Helen Randall, Chair, NLGN and Partner, Trowers & Hamlins
The legitimacy of including environmental and social considerations in the government’s purchasing decisions has recently assumed greater importance.
The United Kingdom now has presidency of the G8 and is seeking to encourage compliance with the Kyoto protocol and to promote sustainable development defined as “development today without compromising the needs of the future”. The UK Government is also considering how sustainable development can be factored into its procurement decisions.
Although there has been an increase in corporate social responsibility by business and increased consumer demand for ethical purchasing, the legitimacy of government pursuing “secondary” policies through purchasing power remains controversial.
Perhaps this depends on the nature of the policies being pursued. Whilst many can support the government using its purchasing power to protect the environment, prevent discrimination and encourage small and medium sized enterprises the use of the government purchasing power to support stipulation of the use of local labour and the isolation of oppressive regimes is not universally approved.
Domestic and European law also prevent government from using its purchasing power freely to pursue secondary policies.
United States municipal authorities were known for pioneering “contract compliance” requiring contractors supplying the government to employ minimum percentages of underrepresented groups. Similar policies were used by the GLC in the 1980s and were then reined in by the Conservative government in 1988 through legislation which prohibited local authorities from having regard to certain matters designated as “non commercial” when making purchases for example having regard to a contractor’s conduct in industrial disputes, involvement with government defence or foreign policy or its political, industrial or sectarian interests. The Labour government then adjusted the legislation after lobbying by the Local Government Association and Trades Unions. However, most of these restrictions remain on the statute book as do European law restrictions preventing public contracts from specifying contractors’ use of local labour.
When then are ethical considerations in public procurement acceptable? Politicians are after all democratically accountable, public money is being used and Joe Public would probably be surprised if government contracts did not prohibit socially or environmental undesirable practices (for example the use of child labour).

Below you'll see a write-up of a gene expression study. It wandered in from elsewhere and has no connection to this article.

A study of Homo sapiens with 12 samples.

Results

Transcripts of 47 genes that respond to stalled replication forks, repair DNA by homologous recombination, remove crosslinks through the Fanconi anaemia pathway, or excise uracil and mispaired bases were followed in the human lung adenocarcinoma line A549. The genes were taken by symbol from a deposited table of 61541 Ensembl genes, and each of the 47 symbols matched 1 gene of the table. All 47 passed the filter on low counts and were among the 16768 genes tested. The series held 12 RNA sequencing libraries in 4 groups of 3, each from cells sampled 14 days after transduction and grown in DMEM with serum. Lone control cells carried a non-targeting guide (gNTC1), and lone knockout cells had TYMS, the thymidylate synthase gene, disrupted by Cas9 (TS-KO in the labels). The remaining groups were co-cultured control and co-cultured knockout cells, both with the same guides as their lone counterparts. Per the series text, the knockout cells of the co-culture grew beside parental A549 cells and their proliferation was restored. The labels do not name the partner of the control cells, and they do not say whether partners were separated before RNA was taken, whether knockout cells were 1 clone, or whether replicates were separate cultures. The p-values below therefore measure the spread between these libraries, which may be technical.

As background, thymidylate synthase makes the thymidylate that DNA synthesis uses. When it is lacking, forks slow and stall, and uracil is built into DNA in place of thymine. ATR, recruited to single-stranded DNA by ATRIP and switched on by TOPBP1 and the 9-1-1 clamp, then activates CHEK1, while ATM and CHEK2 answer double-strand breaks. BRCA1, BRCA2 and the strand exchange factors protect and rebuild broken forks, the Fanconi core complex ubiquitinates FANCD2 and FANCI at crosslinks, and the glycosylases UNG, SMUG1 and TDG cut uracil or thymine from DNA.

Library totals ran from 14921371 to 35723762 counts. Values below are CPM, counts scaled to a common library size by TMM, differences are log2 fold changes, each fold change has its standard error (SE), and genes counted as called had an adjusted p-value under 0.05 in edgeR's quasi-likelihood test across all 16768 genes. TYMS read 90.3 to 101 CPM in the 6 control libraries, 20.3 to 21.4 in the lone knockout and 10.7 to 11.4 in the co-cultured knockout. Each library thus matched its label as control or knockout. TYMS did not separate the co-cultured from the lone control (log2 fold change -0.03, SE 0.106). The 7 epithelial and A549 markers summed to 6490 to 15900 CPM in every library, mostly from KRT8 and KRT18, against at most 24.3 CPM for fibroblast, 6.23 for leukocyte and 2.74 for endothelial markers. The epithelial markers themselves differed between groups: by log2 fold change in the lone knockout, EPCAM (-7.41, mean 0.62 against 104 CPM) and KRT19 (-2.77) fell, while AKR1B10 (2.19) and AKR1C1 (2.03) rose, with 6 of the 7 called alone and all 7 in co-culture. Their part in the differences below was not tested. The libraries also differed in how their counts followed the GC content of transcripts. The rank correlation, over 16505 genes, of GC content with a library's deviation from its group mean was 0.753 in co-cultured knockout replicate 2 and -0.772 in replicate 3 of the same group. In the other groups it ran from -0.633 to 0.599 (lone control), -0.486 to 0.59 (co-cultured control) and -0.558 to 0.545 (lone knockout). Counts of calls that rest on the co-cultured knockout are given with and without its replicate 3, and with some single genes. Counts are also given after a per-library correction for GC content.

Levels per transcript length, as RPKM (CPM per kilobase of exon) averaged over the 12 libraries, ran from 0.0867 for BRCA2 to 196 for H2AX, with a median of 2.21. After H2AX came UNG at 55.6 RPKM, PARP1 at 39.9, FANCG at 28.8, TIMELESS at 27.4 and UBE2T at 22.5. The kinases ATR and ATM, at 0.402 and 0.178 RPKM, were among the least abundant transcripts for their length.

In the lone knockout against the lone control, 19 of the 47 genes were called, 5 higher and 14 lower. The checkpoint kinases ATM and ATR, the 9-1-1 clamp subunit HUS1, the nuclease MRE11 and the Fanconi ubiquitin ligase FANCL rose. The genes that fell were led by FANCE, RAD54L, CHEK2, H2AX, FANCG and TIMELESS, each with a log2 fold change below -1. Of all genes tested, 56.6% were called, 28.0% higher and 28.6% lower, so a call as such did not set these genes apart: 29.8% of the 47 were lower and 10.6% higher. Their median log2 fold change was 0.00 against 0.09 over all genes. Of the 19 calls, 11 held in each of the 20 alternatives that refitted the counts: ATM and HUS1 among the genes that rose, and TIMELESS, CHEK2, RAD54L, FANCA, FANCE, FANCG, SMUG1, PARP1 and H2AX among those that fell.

Hearteningly, some public authorities still manage to use purchase power creatively and legally to promote sustainable development and encourage community cohesion.
Thurrock Council has a contract for front and back office services with Vertex which encourages employee training and development and the increase of high quality local employment opportunities. The CRE has practical guidance as to how authorities can prevent racial discrimination in public contracts.
Ethical procurement needs to be balanced with the public authority’s duty to obtain value for tax payers money. Traditionally, government contracts have been awarded on the basis of the lowest price. The Best Value legislation enacted in 2000 allowed local authorities to have regard to both quality and cost when awarding contracts. Quality could embrace a contractor’s ability to apply environmentally sustainable or socially responsible working practices in its contract.
A dilemma arises if the environmentally sustainable or socially responsible option comes in at higher cost of the conventional option. Also what if there is only one contractor in the market capable of meeting government’s needs for an environmentally sustainable or socially responsible contract. Does this distort open market competition or is it the government’s role to stimulate the market?
Is the pursuit of social and environmental policies through public purchasing power fair? Particularly if a purchasing policy discriminates against SMEs or new market entrants.
Some public authorities have purported to pursue socially and environmentally friendly purchasing policies and have then awarded on the basis of lowest price. This has caused disillusionment in a private sector reluctant to waste bidding costs where lowest price wins at the end of the day.
If government purchasing policies are to include environmental sustainability and social responsibility, government should consult the market, think creatively and share best practice. The policies should be applied consistently throughout the procurement in a way that is relevant to the contract subject matter (for example organic foods for school meals), objectively proven and fair to all market sectors. However, both domestic and European legal constraints remain complex and confusing and reform is needed if the government wishes to pursue the sustainable environment and social cohesion agenda in a credible and cohesive way.